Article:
Market Square today is known for its lively farmers’ market, open-air musical events, and its array of restaurants and nightspots. But this month, Knoxville will honor its heritage in the history of American journalism. As only a few people know, major publisher Adolph Ochs, founder of the modern New York Times, began his career in journalism here in the early 1870s, working for a daily paper with its offices on Market Square. With an unveiling on Thursday, Sept. 29, at 11:30, a new bronze plaque will tell part of a fascinating story of immigration and influence.

Adolph Ochs

Adolph Ochs

Ochs, the teenage son of Jewish-Bavarian refugees Julius and Bertha Levy Ochs, was born in Cincinnati in 1858, but near the end of the Civil War, the family returned to Knoxville where the parents had lived for a time in the 1850s. Although Julius Ochs, a merchant who dabbled in several other professions, was prosperous immediately after the war, a recession in 1867 knocked the family back, and the children had to go to work. Young Adolph, who was known among other kids as Muley, found work with the morning Knoxville Chronicle, which was run by Union editor Capt. William Rule. Adolph worked first as a paperboy, delivering the early-morning paper, but Capt. Rule was impressed with the boy’s work ethic, and promoted 14-year-old Ochs to be a “printer’s devil”—an apprentice printer.

Adolph OchsEven though he was technically a child, Ochs worked the evening shift; there were no laws to forbid it then, and children working full-time was common. Thanks to his dread of walking home alone by the old Presbyterian graveyard at midnight, Ochs frequently asked to work overtime in the wee hours, and Rule always found other tasks for him to do, from assembling ads to light editing and rewriting. In that role, as Ochs himself would later explain, he learned the whole newspaper business inside and out.

By the time he was 19, he was convinced he could run a paper on his own. When he heard about a Chattanooga paper for sale, he became part of a group who purchased the paper, and Ochs, the youngest but most experienced in the group, became publisher of the Chattanooga Times, which became the most trusted newspaper in that city downriver. The whole Ochs family moved there to help and became part of Chattanooga history; his brother became mayor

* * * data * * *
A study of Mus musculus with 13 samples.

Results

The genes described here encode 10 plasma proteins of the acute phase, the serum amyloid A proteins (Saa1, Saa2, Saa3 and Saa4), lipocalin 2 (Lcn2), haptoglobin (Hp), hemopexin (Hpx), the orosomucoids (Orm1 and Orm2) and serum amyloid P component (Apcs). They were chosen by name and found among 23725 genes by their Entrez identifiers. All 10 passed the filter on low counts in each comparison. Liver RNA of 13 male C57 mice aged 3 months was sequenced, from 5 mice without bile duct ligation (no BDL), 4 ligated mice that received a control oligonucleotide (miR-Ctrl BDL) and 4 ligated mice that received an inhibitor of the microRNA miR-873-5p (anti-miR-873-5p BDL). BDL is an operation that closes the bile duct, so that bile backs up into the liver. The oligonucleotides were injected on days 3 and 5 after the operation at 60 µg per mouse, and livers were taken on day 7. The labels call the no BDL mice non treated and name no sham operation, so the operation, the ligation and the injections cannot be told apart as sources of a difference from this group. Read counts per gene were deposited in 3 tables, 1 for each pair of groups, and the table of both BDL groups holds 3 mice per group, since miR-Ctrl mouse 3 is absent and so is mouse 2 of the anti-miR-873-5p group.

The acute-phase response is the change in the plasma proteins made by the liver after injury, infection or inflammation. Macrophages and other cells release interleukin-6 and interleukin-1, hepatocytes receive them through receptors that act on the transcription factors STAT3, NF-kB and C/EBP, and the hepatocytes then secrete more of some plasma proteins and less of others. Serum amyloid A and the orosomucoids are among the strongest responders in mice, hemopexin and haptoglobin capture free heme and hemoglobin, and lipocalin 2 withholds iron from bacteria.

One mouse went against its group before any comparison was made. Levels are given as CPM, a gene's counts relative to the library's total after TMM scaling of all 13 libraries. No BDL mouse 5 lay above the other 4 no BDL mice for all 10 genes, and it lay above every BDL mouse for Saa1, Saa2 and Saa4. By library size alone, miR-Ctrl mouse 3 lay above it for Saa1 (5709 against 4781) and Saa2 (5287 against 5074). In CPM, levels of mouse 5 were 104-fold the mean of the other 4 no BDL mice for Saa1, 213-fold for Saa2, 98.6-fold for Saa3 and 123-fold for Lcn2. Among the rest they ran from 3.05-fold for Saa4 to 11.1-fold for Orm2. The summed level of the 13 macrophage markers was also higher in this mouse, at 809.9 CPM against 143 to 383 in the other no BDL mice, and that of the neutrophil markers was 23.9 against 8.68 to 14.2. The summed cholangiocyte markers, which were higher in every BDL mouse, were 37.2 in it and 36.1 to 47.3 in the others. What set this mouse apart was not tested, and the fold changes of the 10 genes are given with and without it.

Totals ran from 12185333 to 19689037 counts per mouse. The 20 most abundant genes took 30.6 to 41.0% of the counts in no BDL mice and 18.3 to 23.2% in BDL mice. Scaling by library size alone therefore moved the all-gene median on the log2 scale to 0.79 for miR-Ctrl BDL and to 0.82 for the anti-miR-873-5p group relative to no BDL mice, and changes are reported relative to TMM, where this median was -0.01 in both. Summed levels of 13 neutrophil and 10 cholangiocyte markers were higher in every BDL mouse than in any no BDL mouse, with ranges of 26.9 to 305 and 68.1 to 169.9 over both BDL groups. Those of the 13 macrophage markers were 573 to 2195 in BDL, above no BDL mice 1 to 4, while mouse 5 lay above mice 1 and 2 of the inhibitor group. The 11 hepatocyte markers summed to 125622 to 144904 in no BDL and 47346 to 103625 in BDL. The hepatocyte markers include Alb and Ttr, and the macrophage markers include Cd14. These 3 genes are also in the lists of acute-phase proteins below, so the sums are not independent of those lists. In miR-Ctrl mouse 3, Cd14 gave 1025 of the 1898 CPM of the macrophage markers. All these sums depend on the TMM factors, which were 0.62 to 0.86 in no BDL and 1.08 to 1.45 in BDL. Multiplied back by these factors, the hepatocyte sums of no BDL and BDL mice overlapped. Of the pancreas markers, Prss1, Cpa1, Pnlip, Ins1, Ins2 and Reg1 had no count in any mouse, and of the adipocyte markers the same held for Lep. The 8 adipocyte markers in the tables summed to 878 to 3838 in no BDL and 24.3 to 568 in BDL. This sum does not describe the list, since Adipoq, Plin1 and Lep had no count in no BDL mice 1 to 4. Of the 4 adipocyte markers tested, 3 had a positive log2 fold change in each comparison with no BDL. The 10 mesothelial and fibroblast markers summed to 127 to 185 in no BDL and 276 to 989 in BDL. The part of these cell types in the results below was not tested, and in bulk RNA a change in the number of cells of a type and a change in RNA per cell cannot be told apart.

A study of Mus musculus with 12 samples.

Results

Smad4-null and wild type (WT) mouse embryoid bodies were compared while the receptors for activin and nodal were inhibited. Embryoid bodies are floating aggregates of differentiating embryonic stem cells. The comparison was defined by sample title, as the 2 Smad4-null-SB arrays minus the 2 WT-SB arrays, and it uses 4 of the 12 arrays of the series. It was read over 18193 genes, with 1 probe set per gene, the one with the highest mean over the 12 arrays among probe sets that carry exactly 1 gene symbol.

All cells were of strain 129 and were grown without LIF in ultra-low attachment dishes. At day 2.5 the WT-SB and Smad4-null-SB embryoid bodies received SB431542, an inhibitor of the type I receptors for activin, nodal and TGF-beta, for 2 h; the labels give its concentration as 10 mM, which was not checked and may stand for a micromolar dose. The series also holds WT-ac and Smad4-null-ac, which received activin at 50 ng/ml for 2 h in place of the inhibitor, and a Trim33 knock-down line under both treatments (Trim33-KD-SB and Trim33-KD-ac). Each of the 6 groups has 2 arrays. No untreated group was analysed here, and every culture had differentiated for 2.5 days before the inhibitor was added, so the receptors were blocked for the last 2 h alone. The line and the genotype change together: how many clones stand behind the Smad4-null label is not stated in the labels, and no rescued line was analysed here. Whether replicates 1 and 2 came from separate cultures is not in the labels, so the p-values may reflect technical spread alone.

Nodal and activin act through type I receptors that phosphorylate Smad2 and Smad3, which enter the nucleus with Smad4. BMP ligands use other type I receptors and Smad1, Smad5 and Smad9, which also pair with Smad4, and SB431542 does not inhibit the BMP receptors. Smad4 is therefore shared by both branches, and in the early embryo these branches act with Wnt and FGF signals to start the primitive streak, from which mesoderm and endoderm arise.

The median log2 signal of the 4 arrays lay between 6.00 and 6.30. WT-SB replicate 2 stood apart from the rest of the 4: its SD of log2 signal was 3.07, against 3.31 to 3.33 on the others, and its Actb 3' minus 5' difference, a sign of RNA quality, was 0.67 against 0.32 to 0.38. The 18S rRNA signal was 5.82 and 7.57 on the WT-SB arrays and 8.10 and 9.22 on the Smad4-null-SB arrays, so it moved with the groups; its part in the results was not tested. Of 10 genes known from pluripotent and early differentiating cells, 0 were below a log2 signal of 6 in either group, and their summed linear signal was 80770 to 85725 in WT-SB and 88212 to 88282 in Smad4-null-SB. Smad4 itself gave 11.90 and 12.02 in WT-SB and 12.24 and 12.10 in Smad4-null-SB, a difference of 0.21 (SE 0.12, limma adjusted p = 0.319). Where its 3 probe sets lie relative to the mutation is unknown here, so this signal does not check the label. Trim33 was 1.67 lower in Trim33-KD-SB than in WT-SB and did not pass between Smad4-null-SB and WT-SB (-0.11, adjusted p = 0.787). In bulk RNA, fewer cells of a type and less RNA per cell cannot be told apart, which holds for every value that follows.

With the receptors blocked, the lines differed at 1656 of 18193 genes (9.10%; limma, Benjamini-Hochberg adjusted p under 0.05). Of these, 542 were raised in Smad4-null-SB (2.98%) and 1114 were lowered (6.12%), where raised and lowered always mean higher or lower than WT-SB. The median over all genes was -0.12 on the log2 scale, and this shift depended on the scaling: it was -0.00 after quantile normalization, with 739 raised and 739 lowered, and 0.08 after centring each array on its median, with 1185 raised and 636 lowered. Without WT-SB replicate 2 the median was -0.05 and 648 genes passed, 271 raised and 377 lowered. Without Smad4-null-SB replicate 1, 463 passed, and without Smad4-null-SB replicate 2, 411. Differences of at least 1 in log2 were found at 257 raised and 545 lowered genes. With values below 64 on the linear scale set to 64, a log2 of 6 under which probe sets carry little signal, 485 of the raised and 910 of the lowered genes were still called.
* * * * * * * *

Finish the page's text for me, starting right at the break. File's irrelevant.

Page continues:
of Chattanooga.

But Ochs remained close with his Knoxville friends, especially to William Rule, who became lifelong a mentor.

Later, in 1896, Ochs heard of another struggling paper, coincidentally with a similar name, in a much-bigger city, and purchased the New York Times. Ochs essentially recreated the paper, adding many of its best-known features, including the Sunday magazine, the weekly Book Review, and its motto— “All the news that’s fit to print,” which his Knoxville cousins, the Blaufelds, claimed was borrowed from their cigar shop, which touted “All the seegars fit to smoke.”

He also established a part of the city where his newspaper was published every day—Times Square. As if that wasn’t enough, he promoted it further by launching an annual celebration there every New Year’s Eve.

But Ochs is best known in the history of journalism for advancing the concept of objectivity, previously a rarity in journalism. In the 19th century, most city papers were loyally aligned with a political party, and didn’t even pretend to tell more than one side of the story. Ochs did his best to be sure all sides were represented.

William RuleWhen he went to New York, he carried with him a letter of recommendation from William Rule—who was by then much respected in Knoxville, twice elected mayor—and framed and hung it on his office wall. Rule remained editor of the daily Knoxville Journal until his death at age 89. Ochs, aging himself, came back to Knoxville to pay his respects, visiting Rule’s grave at Old Gray Cemetery. He died in 1935, still publisher of The New York Times, and his descendants, the Sulzbergers, still run that globally famous newspaper.

On September 28 and 29, the regional chapter of the Society of Professional Journalists, in cooperation with the University of Tennessee’s School of Journalism and Electronic Media, the Knoxville History Project, the City of Knoxville, and Market Square entrepreneurs Scott and Bernadette West, will honor Ochs’ legacy with a panel discussion at East Tennessee History Center at 6:30 p.m. on Sept. 28, with the plaque dedication two blocks away on Market Square the next morning.

As a sort of appetizer to all that, the Knoxville History Project will be hosting an Ochs event at Maple Hall, 414 S. Gay Street, within sight of the graveyard that spooked young “Muley,” on Tuesday September 13 at 6:00 p.m., as Jack Neely tells the dramatic story of the Ochs family, alongside some esteemed guest speakers, veteran political columnist Georgiana Vines and former sportswriter Maria Cornelius.